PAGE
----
Eight SEO myths every webmaster should know

Are you trying to get your website found by search engines? Discover eight SEO myths that might be holding you back.

SEO is something no webmaster or business owner today can afford to ignore. But it’s very easy to get wrong if you fall for some of the common myths too many people believe.

To help you boost your webpages up the search engine results pages (SERPs), here are eight SEO myths you need to know.

SEO myth #1: SEO is a single-action job

It is tempting to think that once you get your SEO strategy in place and release the corresponding content you can just sit back and watch the traffic come in. But sadly this isn’t the case.

SEO isn’t something you just fix once and never have to touch again. If you want to reach and remain at the top of the SERPs for your chosen search terms you need to keep track of how your strategy is working, analyze it, test it, and correct and modify it regularly. Good webmasters know that successfully SEO takes persistence and constant work! 

SEO myth #2: There is a strict list of steps for SEO

Even advanced webmasters often have a surprisingly one-sided view of this issue. The reality is that there are a lot of different ways to achieve success using SEO strategies. So don’t think you can simply copy what someone else is doing and assume you’ll achieve the same successes.

Yes, there are some basics you need to cover off in SEO, but there are also plenty of variables that you can add to your strategy to make it completely unique to your industry, website and KPIs.

SEO myth #3: The more keywords the better

This was an early SEO myth that too many businesses fell for, leading to the unforgivable sin of keywords stuffing! Because, when it comes to SEO yes, you do need to use keywords in your copy, and ensure you achieve the rugrh frequency of use.

But you can have too much of a good a good thing. And if you start over-using keywords, sprinkling them liberally around your text in the hope that search engines will be fooled into believing that YOUR page must surely be the best and most authoritative on this topic, then not only will you end up with unreadable text that puts off people, but search engines will actually hit your page with penalties.

So when you use keywords, make sure they sound organic. And don’t shy away from cooperating with services to get quality posts from relevant sites and improve content for quality. 

SEO myth #4: All links are equal

The links you share can tell a lot about you and your platform. They are like a litmus test, revealing how reliable and authoritative you are. So, don’t just include any old links on your website. Instead, research credible links which will add value to your platform, and connect you to well-respected and established sources.

SEO myth #5: Any old content will do

Creating content for your website can be time consuming, hard work and even expensive if you outsource it. So it can be tempting to cut corners and post sub-standard content. But this is a mistake.

Search engines use many different measures to decide where to place your pages in their results pages. And one of the signals they look at is how people interact with your content. Do they generally stay on your pages, read them and engage further with your website? or do they bounce straight off after landing on them?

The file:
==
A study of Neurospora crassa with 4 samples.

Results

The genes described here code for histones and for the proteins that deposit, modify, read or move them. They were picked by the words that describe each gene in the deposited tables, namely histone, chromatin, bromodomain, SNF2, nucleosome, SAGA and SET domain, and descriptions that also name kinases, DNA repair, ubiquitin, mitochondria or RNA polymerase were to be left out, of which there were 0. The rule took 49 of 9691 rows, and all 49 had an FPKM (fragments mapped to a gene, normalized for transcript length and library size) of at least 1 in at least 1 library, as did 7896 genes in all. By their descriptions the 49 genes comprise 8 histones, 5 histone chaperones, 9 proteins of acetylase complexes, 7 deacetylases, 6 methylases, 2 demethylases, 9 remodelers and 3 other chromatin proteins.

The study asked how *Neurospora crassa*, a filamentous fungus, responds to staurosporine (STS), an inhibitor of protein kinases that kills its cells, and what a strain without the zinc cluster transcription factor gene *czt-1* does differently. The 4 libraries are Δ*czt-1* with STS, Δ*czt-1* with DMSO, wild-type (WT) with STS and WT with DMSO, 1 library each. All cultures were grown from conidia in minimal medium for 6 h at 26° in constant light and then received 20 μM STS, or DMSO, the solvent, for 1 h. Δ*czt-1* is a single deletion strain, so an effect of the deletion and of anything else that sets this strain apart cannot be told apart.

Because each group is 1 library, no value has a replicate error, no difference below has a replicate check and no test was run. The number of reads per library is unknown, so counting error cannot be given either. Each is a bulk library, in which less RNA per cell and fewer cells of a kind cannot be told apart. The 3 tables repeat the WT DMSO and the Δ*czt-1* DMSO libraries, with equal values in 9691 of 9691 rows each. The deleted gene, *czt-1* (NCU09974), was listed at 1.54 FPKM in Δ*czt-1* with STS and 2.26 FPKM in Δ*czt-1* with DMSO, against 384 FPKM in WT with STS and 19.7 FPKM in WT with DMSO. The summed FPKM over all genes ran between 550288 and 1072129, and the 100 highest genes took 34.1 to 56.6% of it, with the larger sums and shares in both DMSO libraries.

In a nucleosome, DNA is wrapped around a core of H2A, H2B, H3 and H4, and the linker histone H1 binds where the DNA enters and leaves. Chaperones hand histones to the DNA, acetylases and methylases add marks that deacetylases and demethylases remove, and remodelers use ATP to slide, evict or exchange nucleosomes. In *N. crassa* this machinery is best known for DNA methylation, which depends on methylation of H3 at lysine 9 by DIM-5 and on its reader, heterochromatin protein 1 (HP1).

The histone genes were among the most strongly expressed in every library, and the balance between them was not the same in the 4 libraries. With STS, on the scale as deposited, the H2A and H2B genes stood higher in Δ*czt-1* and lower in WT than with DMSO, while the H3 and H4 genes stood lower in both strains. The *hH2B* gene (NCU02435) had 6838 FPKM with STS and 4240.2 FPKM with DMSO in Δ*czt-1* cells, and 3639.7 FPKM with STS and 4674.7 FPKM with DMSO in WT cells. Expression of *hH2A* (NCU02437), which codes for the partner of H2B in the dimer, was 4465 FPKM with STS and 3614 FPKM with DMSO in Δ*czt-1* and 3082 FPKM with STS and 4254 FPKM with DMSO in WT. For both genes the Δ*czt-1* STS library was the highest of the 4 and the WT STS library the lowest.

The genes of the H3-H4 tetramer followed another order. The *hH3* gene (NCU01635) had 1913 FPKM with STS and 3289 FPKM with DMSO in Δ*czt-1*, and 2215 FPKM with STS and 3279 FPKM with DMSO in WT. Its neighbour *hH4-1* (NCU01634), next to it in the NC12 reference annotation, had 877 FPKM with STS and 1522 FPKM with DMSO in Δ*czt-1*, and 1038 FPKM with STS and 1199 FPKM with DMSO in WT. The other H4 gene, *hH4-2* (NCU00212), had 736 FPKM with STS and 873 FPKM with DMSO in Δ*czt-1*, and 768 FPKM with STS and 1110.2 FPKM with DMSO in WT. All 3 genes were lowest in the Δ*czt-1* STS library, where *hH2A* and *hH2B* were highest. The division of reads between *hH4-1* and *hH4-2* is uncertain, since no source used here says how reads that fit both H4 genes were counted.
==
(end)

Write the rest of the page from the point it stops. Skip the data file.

The former tells them that your content is high quality and relevant for the search term, so they’ll up weight your pages. The latter tells them the opposite, so they’ll downgrade it.

Poor quality content is also incredibly damaging to your brand and your relationship and trust-building efforts with your customers. So don’t skimp on your content. It’s far better to post less often, but with brilliant content everyone will love, than share frequent posts that don’t help anyone.

SEO myth #6: Backlinks aren’t for everyone

Backlinks are valuable as they help to establish your credibility on the web. Search engines use backlinks as a measure of the authority of your website. When referring to a page on your website, another website signals to Google that this place is relevant and reliable.

So relevant links from high authority websites will help you climb the results pages. But hundreds of links in from dodgy sites with nothing in common with your website is a red flag and could lead to penalties. If you haven’t already research the importance of backlinks, check out effective backlinks management principles.  

SEO myth #7: You can’t have content targeting multiple languages

There is a common misconception that you can’t have equally popular content for different countries and languages. This is, perhaps, driven by the issue of content duplication. However, while true content duplication is spam, targeting audiences from many locations as a part of your international SEO strategy is quite acceptable. 

SEO myth #8: Automatic translation of content is a great option

Technology is our friend in many senses, and there is no doubt that automatic translation programs have become much better in recent years. But still, none of them can rival human translation and editing. So if you don’t want your content to sound out of place, use the services of professional translators to ensure your content is well written in the target language.

This way, just as with poor quality content, you’ll avoid penalties when people click off your page soon after landing on it because the copy doesn’t make sense.